The results of an open-label pilot study comparing combinations of anti-PD1 (nivolumab) alone, or in combination with either anti-CTLA-4 (ipilimumab) or anti-VEGF (bevacizumab) therapies, revealed “promising clinical activities” in MRCC patients. Results will be presented April 4 in a poster session at the annual meeting of the American Association of Cancer Research in Washington, D.C.
In this study of 60 patients, 44 were “evaluable” for clinical responses for at least 12 weeks. The combination of nivolumab plus bevacizumab, a drug that inhibits tumor blood vessel formation, appeared to result in the highest response rate in the study, with 53 percent (10 of 19) of patients experiencing either a complete or partial response. This group also reported higher levels of adverse effects, but a substantial percentage was due to bevacizumab-related hypertension easily controlled by standard medications.
“This trial was aimed at getting pre- and post- treatment samples to evaluate immune responses in patients in order to understand potential mechanisms of response and resistance that may be common or unique,” said Padmanee Sharma, M.D., Ph.D., professor of Genitourinary Medical Oncology. “Immune and molecular correlative studies may allow us to identify novel biomarkers that can be used for correlation with clinical outcomes in MRCC patients.”
Immune checkpoint blockade, including anti-CTLA-4 and anti-PD1 as monotherapies, have been known to have clinical activity against MRCC but with relatively low clinical response rates. Bevacizumab is a standard therapy for MRCC but also has a low response rate. The researchers hypothesized that combination therapies could lead to measurable immunological changes and improved clinical activity.
The pre-surgical/pre-biopsy trial included adult patients with MRCC who had no prior treatment with ipilimumab, nivolumab or bevacizumab. The patients were enrolled and stratified by planned surgical procedure or biopsy and randomized to receive nivolumab alone, nivolumab plus bevacizumab, or nivolumab plus ipilimumab. The therapies were followed by surgical removal of tumors or post-treatment biopsies. Patients were then placed on nivolumab maintenance therapy for up to two years depending on disease progression and/or treatment intolerance. Pre- and post-treatment blood and tumor samples were obtained for monitoring of immune and molecular correlates to clinical activities. Patients were followed for a median duration of 17 weeks ranging from three to 85 weeks as of Dec. 16, 2016.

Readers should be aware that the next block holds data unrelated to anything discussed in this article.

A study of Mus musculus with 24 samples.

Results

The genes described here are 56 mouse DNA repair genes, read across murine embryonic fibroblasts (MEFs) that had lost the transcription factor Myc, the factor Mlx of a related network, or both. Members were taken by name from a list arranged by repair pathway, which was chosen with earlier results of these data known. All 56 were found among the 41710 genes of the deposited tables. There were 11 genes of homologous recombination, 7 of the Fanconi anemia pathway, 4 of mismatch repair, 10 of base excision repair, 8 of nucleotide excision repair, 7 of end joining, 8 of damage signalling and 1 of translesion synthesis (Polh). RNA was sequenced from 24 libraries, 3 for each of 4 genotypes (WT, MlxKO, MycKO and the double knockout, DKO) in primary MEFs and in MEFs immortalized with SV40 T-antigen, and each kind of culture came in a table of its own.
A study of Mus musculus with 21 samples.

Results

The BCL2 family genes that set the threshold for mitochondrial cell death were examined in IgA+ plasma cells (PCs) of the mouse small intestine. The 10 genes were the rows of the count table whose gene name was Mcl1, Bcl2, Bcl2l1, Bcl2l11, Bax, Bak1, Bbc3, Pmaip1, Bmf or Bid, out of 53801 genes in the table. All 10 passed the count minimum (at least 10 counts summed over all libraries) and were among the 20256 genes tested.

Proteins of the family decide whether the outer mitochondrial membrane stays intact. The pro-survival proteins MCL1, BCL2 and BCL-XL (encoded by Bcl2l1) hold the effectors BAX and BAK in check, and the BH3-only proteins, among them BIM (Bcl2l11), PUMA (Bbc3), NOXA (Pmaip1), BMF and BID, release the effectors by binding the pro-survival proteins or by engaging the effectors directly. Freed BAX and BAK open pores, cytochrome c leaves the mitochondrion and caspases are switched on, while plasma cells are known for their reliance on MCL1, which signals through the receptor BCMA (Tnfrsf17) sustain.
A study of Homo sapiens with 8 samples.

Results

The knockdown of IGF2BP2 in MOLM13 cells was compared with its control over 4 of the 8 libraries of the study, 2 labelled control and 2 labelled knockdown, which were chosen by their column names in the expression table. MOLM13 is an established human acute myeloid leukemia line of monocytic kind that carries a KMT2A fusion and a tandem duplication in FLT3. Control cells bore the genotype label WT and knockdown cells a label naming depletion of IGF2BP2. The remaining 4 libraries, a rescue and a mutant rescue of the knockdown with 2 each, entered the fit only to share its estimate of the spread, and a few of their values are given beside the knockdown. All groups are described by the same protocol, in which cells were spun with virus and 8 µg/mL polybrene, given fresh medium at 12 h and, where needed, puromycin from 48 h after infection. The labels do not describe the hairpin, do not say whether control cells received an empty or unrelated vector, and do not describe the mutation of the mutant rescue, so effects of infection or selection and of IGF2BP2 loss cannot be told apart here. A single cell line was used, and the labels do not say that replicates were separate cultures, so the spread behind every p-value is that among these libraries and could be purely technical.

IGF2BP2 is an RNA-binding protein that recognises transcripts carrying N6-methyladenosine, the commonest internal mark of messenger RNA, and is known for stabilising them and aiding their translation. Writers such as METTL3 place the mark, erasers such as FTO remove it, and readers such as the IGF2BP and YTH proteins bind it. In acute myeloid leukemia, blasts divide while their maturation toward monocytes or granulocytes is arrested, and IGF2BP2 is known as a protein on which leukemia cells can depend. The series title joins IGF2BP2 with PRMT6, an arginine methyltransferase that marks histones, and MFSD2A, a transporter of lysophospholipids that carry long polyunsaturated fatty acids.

“Out of 60 patients treated, 44 were evaluable for clinical responses post-treatment and/or procedures,” said Jianjun Gao, M.D., Ph.D., assistant professor of Genitourinary Medical Oncology. “We observed a response rate of 53 percent for patients treated with nivolumab plus bevacizumab.”
The study also revealed a 38 percent response rate for those who received nivolumab plus ipilimumab, while patients receiving nivolumab monotherapy had a 42 percent response rate and treatment was generally well tolerated with mostly grade 1 or 2 adverse events. Grade 3 or higher toxicities were 19 percent for nivolumab alone, 41 percent for nivolumab plus bevacizumab, and 27 percent in the nivolumab plus ipilimumab group.”
Study findings showed that the patient group receiving nivolumab alone had a stable disease rate of 33 percent with 25 percent experiencing disease progression. Patients receiving nivolumab plus bevacizumab had a 16 percent stable disease and disease progression rates, while 16 percent of participants withdrew from the study. Of those who received nivolumab plus ipilimumab, 8 percent had stable disease rates,38 percent experienced disease progression and 15 percent withdrew from the trial.
“These findings are significant since a signal to indicate efficacy for the nivolumab plus bevacizumab arm could provide data to design a larger study,” said Sharma.